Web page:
Update: Synopsys Expands DesignWare IP Portfolio with Acquisition of Kilopass Technology (Jan. 10, 2018)
Craig Rawlings, Kilopass Technology(05/13/2008 11:50 AM EDT) -- EE Times
Who would have imagined that a 13-year-old kid could compromise an industry standard overnight?
But that's what happened in 1999 when Norwegian teen Jon Johansen and two hacker "colleagues" unlocked the secret of the Content Scramble System (CSS) designed to protect DVDs from piracy. DeCSS, the program they created, quickly found its way onto the Internet and into DVD-copying tools sold through legitimate retailers. Despite litigation by Hollywood studios and a legal ruling enjoining one manufacturer from further sales, the genie was out of the bottle.
With global competition growing in ferocity, standards of conduct getting looser and the manufacturing supply chain operating in countries with weak intellectual-property protection, what's the best way to safeguard the security keys integral to standards-based security schemes for everything from HDTV to iPods?
Clearly, no matter how elegant an encryption scheme may be, if it's insufficiently protected and if encryption keys can be reverse-engineered or otherwise hacked, a standard--and an industry--is in jeopardy. There's a great need for effective physical-layer security for the sensitive information residing in consumer system-on-chip architectures.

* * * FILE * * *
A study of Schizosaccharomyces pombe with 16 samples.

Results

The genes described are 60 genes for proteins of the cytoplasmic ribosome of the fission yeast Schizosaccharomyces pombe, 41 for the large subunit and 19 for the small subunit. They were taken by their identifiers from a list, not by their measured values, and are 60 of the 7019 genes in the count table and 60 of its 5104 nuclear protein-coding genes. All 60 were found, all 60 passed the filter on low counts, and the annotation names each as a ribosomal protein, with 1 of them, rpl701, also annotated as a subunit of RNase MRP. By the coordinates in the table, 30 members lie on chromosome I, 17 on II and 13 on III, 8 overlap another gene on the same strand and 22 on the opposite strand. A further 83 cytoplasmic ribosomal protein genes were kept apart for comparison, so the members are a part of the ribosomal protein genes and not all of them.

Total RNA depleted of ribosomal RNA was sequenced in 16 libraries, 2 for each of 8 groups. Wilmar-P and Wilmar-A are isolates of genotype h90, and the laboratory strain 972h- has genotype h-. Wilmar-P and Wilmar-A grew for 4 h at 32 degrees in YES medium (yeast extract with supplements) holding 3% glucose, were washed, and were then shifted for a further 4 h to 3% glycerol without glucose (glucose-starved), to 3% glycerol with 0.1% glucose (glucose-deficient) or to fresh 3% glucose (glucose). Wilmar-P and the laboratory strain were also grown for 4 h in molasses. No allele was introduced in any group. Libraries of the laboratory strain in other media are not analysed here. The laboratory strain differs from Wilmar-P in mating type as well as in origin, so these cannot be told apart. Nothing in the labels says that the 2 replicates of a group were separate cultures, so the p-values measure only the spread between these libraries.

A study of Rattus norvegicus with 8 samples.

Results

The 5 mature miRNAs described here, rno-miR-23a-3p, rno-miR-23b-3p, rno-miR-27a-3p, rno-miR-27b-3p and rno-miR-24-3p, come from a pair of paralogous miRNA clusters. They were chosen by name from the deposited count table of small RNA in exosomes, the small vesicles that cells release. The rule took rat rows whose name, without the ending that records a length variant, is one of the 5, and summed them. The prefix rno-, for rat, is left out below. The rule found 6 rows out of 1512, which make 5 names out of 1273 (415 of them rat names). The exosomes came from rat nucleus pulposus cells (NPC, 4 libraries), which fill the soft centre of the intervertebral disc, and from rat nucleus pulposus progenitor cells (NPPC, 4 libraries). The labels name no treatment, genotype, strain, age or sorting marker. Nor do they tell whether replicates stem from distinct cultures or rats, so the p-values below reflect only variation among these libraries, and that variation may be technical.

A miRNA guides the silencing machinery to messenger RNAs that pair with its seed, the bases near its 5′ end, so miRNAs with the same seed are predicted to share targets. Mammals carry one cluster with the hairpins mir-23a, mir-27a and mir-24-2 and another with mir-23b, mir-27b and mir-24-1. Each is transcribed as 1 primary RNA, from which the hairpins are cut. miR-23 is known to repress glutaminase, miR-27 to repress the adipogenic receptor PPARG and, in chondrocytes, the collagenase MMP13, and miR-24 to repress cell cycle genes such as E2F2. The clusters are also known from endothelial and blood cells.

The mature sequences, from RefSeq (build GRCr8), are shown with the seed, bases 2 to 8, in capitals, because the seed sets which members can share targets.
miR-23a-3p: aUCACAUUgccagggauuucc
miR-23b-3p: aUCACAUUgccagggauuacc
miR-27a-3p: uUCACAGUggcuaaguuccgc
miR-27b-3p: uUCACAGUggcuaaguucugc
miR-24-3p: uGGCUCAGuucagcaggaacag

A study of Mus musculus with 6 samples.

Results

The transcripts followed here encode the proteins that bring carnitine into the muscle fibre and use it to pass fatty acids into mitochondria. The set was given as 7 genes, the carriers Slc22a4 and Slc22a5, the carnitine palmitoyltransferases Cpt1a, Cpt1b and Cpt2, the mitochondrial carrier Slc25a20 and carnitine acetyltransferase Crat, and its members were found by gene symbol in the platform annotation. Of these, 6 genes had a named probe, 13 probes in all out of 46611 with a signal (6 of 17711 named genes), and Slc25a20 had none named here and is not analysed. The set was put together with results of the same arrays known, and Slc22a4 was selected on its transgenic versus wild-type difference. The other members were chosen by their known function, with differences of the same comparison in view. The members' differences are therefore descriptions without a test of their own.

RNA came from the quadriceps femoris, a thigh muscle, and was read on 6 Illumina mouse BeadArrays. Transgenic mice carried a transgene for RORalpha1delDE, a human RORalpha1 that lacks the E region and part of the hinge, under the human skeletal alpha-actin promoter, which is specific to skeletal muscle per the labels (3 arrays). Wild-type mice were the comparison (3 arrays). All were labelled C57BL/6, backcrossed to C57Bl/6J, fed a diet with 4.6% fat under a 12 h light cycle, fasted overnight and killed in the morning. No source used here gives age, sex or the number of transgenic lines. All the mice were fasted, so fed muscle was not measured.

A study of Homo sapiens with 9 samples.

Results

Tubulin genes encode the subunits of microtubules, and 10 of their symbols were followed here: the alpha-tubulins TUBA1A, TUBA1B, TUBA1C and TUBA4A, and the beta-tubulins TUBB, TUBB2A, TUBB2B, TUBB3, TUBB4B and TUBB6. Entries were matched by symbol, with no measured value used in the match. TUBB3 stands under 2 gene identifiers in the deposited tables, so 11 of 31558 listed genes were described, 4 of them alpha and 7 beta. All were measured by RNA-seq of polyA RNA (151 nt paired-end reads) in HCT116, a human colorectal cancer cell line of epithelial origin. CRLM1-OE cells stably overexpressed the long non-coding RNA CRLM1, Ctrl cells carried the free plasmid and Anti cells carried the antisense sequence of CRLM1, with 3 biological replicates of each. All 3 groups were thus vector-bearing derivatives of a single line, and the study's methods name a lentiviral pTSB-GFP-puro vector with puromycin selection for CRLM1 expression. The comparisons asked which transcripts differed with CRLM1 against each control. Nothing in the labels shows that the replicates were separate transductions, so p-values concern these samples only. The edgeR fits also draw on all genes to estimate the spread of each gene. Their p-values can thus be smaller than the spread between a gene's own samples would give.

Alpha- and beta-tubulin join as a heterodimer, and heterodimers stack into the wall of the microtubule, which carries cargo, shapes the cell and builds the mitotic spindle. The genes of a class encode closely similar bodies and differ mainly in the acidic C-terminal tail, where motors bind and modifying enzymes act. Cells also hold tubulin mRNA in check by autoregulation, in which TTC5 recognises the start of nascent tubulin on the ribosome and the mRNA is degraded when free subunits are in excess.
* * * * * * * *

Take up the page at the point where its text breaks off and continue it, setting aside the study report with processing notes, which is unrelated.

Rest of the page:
If you accept that statement, the first question to ask is, how physically secure is the technology in question? Most keys are hidden in the nonvolatile memory (NVM) of DVDs, hard drives, EPROM, E2PROM and flash. Solid-state NVM is certainly more secure than a hard drive, for example, but it's still relatively easy to crack. The real challenge is to protect keys so well that they are invulnerable.